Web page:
This post is in progress (sick twins again...) Thanks for your patience!
MINE: Last week I posted a list of my top five food poisons as on omnivore. Number one on that list was hydrogenated oil and I'd like to share some more information about that today.
Hydrogenation is the process of shooting hydrogen bubbles into various kinds of oils to turn the oils into solids. Why did food companies start doing this? Preparing foods with hydrogenated or partially hydrogenated oils allows foods to have a longer shelf life and cuts down on product oily-ness. Why would companies want their foods to have a longer shelf life? Profit. If their products remain unsold on shelves, they become rancid, then are unappetizing to the public.
Did you know that many European countries have already banned, or set dates to ban, the use of hydrogenated oils in food products? Why would they? What's so bad about these oils? Let me count the ways...
1. Hydrogenated oil is like a double edged sword. Not only does is raise the bad cholesterol levels, it lowers the good cholesterol levels.
2. It binds to cells and does not allow important nutrients to enter in. Remember, it's got a long shelf life, whether it's in our grocery store isles or in our arteries and veins, so if you're thinking your body will "process" it out, think again.
3. Hydrogenated oils make you fat. Our bodies crave essential fatty acids from good sources, like avocadoes, nuts and olives. If we feed our bodies hydrogenated oils, our body knows it's not getting what it needs, so will continue to activate the hunger hormones in a desperate attempt to gain what it needs. The problem is, if we continue to consume these dangerous oils, our body will never be satisfied.
What foods have hydrogenated oils? The answer: almost every packaged food out there. Look in your cupboards. Read your ingredient labels and see if you find something like this...
When my brother first talked to me about the dangers of hydrogenated oils about ten years ago, I didn't want to believe him. Peanut butter was my favorite food and I simply couldn't give it up. But his voice kept nagging in my head and I finally did some research on it. It was as bad, if not worse, than he said it was. The next time I went to the grocery store, I looked for peanut butter without the hydrogenated oil and I found some! It was more expensive, but worth it! This is the kind I usually buy...
After using this type of peanut butter for years, when I taste the other kind, it feels like I'm eating melted plastic. Changing my kids' taste was another story. Up until recently, their father still bought them peanut butter with hydrogenated oil, because they couldn't get used to the grainy texture of natural peanut butter, but now Skippy has come out with a natural peanut butter with the same texture my kids grew up on...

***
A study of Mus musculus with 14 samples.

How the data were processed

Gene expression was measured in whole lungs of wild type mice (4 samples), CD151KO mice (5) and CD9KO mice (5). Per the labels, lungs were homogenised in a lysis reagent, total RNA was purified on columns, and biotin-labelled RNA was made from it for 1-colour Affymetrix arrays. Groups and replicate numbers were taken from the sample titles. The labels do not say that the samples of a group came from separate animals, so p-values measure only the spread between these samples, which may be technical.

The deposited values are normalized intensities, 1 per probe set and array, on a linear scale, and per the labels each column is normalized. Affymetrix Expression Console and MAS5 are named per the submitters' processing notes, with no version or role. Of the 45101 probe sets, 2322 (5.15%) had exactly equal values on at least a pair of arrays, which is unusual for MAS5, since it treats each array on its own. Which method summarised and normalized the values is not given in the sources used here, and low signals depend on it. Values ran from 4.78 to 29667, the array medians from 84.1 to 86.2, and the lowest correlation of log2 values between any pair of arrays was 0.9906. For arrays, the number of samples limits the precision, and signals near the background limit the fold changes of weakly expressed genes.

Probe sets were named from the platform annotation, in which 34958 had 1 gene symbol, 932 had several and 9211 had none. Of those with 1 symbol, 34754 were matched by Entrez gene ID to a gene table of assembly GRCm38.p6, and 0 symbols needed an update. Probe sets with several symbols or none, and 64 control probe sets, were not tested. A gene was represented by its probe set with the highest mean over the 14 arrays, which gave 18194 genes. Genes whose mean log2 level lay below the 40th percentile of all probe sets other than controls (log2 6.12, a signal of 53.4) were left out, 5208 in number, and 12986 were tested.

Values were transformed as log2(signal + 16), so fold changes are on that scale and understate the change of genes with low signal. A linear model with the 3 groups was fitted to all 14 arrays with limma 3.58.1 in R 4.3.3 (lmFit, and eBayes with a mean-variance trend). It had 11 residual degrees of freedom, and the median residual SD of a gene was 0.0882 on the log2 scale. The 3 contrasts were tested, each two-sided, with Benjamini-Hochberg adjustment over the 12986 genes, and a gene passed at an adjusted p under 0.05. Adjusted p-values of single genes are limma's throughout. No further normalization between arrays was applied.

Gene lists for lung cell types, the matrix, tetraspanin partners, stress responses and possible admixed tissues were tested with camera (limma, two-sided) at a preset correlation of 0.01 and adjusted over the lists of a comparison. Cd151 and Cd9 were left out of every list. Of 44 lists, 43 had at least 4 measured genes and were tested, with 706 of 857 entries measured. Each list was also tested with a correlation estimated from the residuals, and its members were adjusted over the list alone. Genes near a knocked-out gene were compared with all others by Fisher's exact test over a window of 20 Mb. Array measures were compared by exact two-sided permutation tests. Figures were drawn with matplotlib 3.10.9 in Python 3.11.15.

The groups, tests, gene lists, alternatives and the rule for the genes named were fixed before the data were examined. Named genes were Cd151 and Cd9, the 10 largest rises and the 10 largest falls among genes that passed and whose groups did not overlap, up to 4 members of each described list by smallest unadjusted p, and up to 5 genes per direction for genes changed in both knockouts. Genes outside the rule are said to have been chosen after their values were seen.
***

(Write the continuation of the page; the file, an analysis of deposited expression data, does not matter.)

It has no hydrogenated or partially hydrogenated oils and I feel like a better mom when I serve it to my kids.
On a side note, trans fats is another name for hydrogenated oil. If a label says a product has no trans fats, beware. If one serving has less then 0.5% hydrogenated oil, companies can claim their products are trans fat free. ALWAYS read the labels and avoid all foods containing this poison. Yes, you might have to learn how to make your own crackers, cake mixes and cookies, but isn't it worth it? Plus, that's quality time we can spend with our kids!
What about you? Do you use hydrogenated oils or have you removed them from your home. I love hearing inspiring stories of how people have made difficult changes and sacrifices for something much better....our family's best shot at a long, disease-free life.
......Next, because people ask, here's what I ate today...
Breakfast: Natural peanut butter and raw honey sandwich on whole wheat bread, 1/2 PB and blueberry jam sandwich on whole wheat bread, and a glass of almond milk.
Lunch (at our uncle's home): Large spinach salad with strawberries, zucchini, cucumbers, sunflower seeds and pine nuts with poppy seed dressing, steamed broccoli and peas that may or may not have had a little bit of butter (I wasn't comfortable enough to ask the person who prepared them how they were cooked), one roll (may or may not have had butter, again with the discomfort), one bite of cake just to see how it was, but didn't really care for more.
Snack: Macadamia nut hummus with pita chips and a banana so I wouldn't be tempted by cake at the baptism I attended.
Dinner: Leftover raw vegetable stir fry and rice.
OURS: Okay, what have you got for us today? If you don't have a post ready, feel free to scroll through your archives and submit anything that has to do with homemaking! Have a great Homemaker Monday!